DePaul University, Chicago
Language and Literature paper by Orban, Clara (all papers)
Identity in Fateless and Son of Saul
Separated by almost ten years, two films produced after Hungary’s entry into the European Union explore identity, separation, and loss. Both use the concentration camps as the setting for an examination of how an individual loses identity, recreates it, and then struggles to return to a previous identity in a changed world.
The 2006 Fateless begins in a somewhat conventional pre-war Budapest, and ends in the same location, changed because of the war. The concentration camp serves as the central non-Hungarian landscape, inhabited by inmates from throughout Europe. The road to, and then from, this descent into hell cannot but change the trajectory of the human lives that have undertaken the journey. The war proves a catalyst by which Hungary, and Hungarians, must mutate to survive.
Son of Saul (2015) presents a bleaker vision of human possibilities. Viewed entirely from the perspective of the inmate, the viewer knows almost nothing of his past life, only his present function within the multi-national concentration camp. From the dramatic moment when his past joins him in the camps in the form of a dead boy, past and present identity cannot be clearly separated. Identity appears only as a collective entity through ritual, but by film’s end it is precisely this renewed identification which proves hopeless.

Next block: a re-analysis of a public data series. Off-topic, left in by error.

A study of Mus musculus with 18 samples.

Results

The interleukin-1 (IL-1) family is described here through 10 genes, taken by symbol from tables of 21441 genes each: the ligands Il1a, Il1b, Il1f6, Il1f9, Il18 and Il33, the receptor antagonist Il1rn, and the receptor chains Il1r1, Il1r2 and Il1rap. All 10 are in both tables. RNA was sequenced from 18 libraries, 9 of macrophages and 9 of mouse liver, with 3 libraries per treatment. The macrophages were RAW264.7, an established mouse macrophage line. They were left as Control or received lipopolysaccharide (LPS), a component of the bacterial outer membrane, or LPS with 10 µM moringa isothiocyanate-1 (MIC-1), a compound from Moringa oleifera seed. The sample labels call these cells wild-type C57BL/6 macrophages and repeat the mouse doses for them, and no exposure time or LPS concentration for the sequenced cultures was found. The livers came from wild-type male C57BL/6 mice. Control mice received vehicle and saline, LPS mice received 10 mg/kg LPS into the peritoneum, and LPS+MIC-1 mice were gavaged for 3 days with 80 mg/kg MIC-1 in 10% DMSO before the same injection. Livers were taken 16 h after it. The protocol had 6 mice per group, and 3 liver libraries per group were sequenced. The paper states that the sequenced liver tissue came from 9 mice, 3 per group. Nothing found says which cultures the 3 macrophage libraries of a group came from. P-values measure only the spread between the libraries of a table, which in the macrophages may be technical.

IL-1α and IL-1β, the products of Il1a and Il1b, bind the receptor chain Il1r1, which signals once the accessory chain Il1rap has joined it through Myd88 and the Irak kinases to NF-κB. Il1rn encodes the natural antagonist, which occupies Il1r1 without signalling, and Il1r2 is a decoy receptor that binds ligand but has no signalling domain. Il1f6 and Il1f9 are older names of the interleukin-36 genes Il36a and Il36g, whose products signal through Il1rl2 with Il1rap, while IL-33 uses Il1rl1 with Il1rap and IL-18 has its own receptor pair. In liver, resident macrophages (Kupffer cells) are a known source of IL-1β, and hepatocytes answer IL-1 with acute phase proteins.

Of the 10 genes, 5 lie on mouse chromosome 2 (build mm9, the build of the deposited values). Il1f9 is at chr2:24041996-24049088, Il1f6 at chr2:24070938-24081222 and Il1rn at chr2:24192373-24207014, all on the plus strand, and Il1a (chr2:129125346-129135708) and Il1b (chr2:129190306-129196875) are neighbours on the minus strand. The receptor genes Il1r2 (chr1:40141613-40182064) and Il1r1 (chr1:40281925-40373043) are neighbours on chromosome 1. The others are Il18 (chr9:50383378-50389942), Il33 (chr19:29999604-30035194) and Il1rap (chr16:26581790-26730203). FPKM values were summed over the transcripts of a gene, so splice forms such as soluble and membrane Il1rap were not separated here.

In both films, Hungarian Jews negotiate their identity in extreme circumstances as they struggle to survive.
Brief Professional Bio:
CLARA ORBAN is professor of French and Italian at DePaul University. She received her Ph.D. in Romance Languages from the University of Chicago. She has eight published books including a novel and two wine books, several book chapters, articles, and presented papers on surrealism, futurism, language pedagogy, AIDS literature, sports, TV, and Italian film. She is also a certified sommelier and teaches a geography course based on wine at DePaul. Her current projects include Hungarian Cinema.